Morning roundup: Iraq, Tunisia, and the Arab soul
A suicide bomber killed about 15 in the second major attack on the Iraqi police in as many days. This one came at the police training center in Baquba, about 50 miles north of Baghdad, according to Reuters.
Yesterday's attack killed about 50 at a police recruiting center in Tikrit, Saddam Hussein's hometown. An obvious reminder that the Iraq war isn't over, whether the US pulls out on time at the end of this year or not. Tikrit and Baquba have been repeatedly "pacified" over the past 7 years -- I wrote about a major US army effort to clear Baquba of Sunni insurgents in 2005. As shocking as it sounds, places sometimes don't stay pacified.
There's been some call/speculation in the press about the US military extending its stay in Iraq in response to these kinds of attacks, even though suicide attacks by Sunni Islamists have been a sort of background radiation to the Iraq war (both the one to get foreign troops out and the one being contested between Iraqis for local power). They've occurred in areas where US troops patrolled in force and in areas where they rarely went. They occurred before the surge, during the surge and after the surge.
Stopping them is now in the hands of the Shiite-dominated government of Prime Minister Nouri al-Maliki, which has a lot of work to do to convince Iraq's general Sunni Arab population that his government will serve their interests as well as those of his coreligionists.
Tunisia's uprising/revolution appears to be entering a quieter phase. Protests were smaller and scattered today, exiled opposition politicians have returned home, and the old guard who served departed Tunisian strongman Zine El Abdine Ben Ali (who has begun his career in exile in Saudi Arabia) try to figure out how to hand on to their positions.
What comes next is hard to say. US Ambassador Gordon Gray made rather tentative remarks about the outlook to Al Jazeera."I think what we have in Tunisia is a situation where ... this democratic expression is a work in progress... And it's a new phenomenon and it's something that people are doing without very much experience."
In fact there's been little democratic expression at all so far aside from the street power that pushed out Ben Ali. Tunisia's interim government is led by the same men who helped secure his rule, and a constitution and electoral system that served his dictatorship remain in place.
Will that change or will the pressure ease off enough to convince interim Prime Minister Mohammed Ghannouchi and his friends to reach for the brass ring after making mostly cosmetic concessions? We'll see.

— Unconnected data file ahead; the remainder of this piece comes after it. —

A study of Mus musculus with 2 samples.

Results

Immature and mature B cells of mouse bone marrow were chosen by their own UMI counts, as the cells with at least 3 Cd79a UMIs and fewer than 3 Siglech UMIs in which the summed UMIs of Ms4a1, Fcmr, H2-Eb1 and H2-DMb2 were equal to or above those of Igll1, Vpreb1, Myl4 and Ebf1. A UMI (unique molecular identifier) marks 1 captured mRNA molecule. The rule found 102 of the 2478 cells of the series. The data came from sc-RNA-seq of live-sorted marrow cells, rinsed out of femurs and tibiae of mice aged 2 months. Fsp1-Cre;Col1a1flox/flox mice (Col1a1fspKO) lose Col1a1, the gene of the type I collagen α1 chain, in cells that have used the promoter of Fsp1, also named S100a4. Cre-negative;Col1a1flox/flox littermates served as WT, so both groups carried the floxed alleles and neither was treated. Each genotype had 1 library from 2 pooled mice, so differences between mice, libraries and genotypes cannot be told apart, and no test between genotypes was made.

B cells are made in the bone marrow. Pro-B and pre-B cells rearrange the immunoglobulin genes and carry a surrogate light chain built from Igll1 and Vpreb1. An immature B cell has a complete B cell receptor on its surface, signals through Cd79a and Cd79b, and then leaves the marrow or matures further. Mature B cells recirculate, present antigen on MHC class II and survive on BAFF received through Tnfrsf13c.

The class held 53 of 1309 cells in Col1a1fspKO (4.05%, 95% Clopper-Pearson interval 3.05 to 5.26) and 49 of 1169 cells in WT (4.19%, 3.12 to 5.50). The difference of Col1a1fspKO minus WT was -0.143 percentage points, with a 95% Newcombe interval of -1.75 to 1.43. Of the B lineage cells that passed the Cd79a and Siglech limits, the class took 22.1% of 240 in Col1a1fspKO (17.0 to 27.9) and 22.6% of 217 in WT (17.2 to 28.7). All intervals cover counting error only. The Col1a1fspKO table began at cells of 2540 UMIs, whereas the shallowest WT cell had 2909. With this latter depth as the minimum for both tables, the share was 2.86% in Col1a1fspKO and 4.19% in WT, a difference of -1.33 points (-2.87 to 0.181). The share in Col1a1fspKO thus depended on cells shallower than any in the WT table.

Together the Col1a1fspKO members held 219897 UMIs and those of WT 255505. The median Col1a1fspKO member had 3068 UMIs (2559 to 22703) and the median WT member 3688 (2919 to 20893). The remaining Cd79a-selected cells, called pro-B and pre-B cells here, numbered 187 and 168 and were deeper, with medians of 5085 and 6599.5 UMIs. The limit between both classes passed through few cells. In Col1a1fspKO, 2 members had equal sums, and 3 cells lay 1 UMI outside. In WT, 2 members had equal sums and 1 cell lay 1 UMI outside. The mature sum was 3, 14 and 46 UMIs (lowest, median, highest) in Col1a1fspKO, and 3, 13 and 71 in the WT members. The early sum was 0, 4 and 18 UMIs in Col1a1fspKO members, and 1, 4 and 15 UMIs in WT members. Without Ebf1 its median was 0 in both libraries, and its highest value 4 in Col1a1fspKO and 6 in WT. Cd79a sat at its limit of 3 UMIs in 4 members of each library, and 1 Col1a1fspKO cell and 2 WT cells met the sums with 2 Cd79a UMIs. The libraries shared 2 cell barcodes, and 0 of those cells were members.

While Monitor reporter Scott Peterson reported yesterday that a contagion of uprisings isn't likely (and I agree with him), it appears that regional autocrats aren't taking any chances. The Associated Press reports that the oil rich Gulf monarchies are about to create a $2 billion fund to help "provide job opportunities for Arab young people in order to empower them to participate fully in their societies." Diplomats told the AP ahead of an Arab economic summit that started in Egypt today that Saudi Arabia and Kuwait will kick in $500 million each.
Tunisia has become the dominant theme of the summit and Arab League Secretary General Amr Mussa captured the mood with his remarks. "The revolution that happened in Tunisia is not far from the subject of this summit... and it is not far from what is going through the minds of many...the Arab soul is broken by poverty and unemployment."
The contrast between Mussa's comments and those of his former boss, Egyptian President Hosni Mubarak, were a reminder of how much resistance the aging leaders of regime's like Egypt are likely to put up in the face of change.
While Mussa, who was fired as Mubarak's foreign minister ten years ago largely because of his immense popularity in Egypt and the region, made an impassioned plea for change, Mubarak didn't utter the word Tunisia at all, though he did allude to the revolt, saying it was now clear that economic progress is a "basic demand of Arab national security." It's no surprise that Mubarak might see events in Tunisia through the lens of the security state that serves him. The people of Egypt don't share his view.
Of course, if Josef Joffe is right, Mubarak should sleep easy. Borrowing from both Samuel Huntington and Karl Marx, Joffe argues that the problem for Tunisia's Ben Ali was not that his people were poor, but that they weren't poor enough. After running down indicators that show Tunisia is richer, better-educated, and more-integrated in the global economy than neighbors like Egypt, he writes:
"Such numbers would have made Karl Marx clap his hands in delight. Looking at the Tunisian upheaval he would have cried out: 'I was right.' About what? About the “contradiction” between regime and risers, between an ossified power structure and what he called the 'bourgeoisie.'
If you are poor, you have neither the time nor the energy to engage in politics. If you are not educated, you lack the cultural skills to articulate your demands—to agitate and organize. And, if you are poor, uneducated, and thus isolated, as much of the Arab world is, then you have no benchmark against which to measure your misery."